Have a question? See our frequently asked questions below.
No problem. Come into our store after seeing your doctor and we will help you!
As of today, no. Connecticut’s medical marijuana program only allows a patient to be registered and shop at one location in the state. We do have the same access to supply and carry similar products. So, whichever dispensary is better for you, we will be happy to have you in!
The regulations promulgated by the CT DCP state that you may purchase the quantity necessary to treat your qualifying condition. This quantity is determined by your medical marijuana-recommending physician.
Yes! Click here for our live menu then come and pick up your order in store.
Aw shucks. Thanks for the love. If you have a medical marijuana card, you may change your dispensary up to four times per year. We’d love to have Fine Fettle be your store. To do so, fill out the document here and send it into the state. After that, come in to have our pharmacists help you find what is best for your needs.
THC stand for Tetrahydrocannabinol and it is the psychoactive ingredient in medical marijuana that causes feelings of euphoria. CBD has no psychoactive properties. In fact, medicine containing high levels of CBD will prevent the euphoric sensations caused by THC and it is preferred by patients who wish to avoid those sensations. For more detailed information, see our cannabis information page.
If you are a CT resident with a medical marijuana card, you can appoint a registered caregiver through the CT Department of Consumer protection using the instructions here.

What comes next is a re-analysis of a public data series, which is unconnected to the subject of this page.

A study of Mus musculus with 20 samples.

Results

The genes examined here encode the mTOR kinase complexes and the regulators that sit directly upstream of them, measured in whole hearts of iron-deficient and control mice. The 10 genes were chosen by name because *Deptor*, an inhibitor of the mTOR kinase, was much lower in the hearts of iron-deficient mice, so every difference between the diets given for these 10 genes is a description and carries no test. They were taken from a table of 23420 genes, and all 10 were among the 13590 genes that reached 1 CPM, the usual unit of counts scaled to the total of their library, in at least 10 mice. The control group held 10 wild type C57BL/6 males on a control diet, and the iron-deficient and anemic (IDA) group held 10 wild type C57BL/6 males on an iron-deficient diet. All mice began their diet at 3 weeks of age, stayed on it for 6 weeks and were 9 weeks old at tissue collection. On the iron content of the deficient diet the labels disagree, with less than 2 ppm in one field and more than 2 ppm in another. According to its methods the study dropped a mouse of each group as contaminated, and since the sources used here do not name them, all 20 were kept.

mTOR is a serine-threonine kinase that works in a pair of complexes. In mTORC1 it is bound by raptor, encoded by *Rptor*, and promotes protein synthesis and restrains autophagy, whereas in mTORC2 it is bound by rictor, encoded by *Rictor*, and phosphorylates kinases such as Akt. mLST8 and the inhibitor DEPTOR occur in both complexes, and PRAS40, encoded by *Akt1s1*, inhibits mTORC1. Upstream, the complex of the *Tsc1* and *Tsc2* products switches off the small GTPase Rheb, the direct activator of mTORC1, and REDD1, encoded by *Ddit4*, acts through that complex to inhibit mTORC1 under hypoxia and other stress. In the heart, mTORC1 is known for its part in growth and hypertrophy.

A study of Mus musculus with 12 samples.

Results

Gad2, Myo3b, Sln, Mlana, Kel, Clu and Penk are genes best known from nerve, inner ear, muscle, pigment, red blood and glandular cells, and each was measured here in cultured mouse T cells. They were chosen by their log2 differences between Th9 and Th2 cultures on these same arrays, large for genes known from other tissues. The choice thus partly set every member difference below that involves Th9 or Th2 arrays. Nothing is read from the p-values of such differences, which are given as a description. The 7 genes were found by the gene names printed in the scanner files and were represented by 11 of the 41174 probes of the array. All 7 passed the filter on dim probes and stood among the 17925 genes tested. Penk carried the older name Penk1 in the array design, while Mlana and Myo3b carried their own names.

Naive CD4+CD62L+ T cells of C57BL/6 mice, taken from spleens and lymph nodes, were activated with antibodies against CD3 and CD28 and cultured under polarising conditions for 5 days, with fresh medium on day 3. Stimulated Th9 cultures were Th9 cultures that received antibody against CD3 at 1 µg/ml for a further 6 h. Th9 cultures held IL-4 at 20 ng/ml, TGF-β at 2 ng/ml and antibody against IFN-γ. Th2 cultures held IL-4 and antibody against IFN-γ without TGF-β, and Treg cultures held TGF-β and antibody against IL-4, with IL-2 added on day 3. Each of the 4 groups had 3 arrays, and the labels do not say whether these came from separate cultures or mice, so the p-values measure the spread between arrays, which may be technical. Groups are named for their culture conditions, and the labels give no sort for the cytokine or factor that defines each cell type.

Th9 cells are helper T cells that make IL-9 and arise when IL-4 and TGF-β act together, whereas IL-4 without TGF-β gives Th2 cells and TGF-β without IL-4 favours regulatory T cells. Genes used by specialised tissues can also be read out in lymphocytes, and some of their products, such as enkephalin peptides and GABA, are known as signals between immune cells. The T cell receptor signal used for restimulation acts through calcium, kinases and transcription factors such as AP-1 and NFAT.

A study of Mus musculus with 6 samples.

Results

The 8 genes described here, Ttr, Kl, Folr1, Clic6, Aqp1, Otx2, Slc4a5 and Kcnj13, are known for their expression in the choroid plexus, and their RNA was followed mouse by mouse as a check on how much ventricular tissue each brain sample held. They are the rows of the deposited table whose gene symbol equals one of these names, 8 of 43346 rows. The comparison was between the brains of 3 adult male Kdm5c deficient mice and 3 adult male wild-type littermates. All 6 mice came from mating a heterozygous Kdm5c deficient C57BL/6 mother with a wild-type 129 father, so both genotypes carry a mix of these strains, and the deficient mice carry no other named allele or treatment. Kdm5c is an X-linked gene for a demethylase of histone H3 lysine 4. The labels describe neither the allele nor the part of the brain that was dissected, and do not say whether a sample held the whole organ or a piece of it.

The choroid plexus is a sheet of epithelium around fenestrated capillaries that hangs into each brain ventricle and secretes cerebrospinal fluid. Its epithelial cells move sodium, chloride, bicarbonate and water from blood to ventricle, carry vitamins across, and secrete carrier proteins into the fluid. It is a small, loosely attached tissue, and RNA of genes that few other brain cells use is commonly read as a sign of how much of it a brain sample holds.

In Connecticut all cannabis is harvested into homogenized batches according to Sec. 21a-408-58 in the laboratories section of Regulations for State Agencies. A laboratory employee then selects samples from each batch at the production facility to test for microbiological contaminants, mycotoxins, heavy metals, and pesticide chemical residue. These homogenized batches must be stored in a cool, dry, and sterile place until laboratory results come back showing compliance. Laboratories are meant to immediately destroy all samples after testing or research according to 21a-408-64 of the Regulations of Connecticut State Agencies. If a sample fails any microbial test based on the testing regulations set forth by the state of Connecticut the producer must dispose of the entire batch with out any sales or production. Failed tests will be recorded by laboratories in accordance to section 21a-408-70 of the Regulations of Connecticut State Agencies. If the sample passes all of this testing then the entire batch will be released for sale, production, and manufacturing purposes. Producers will always supply lab results when selling product and these results should be on display the entire time that the product is on sale in the establishment.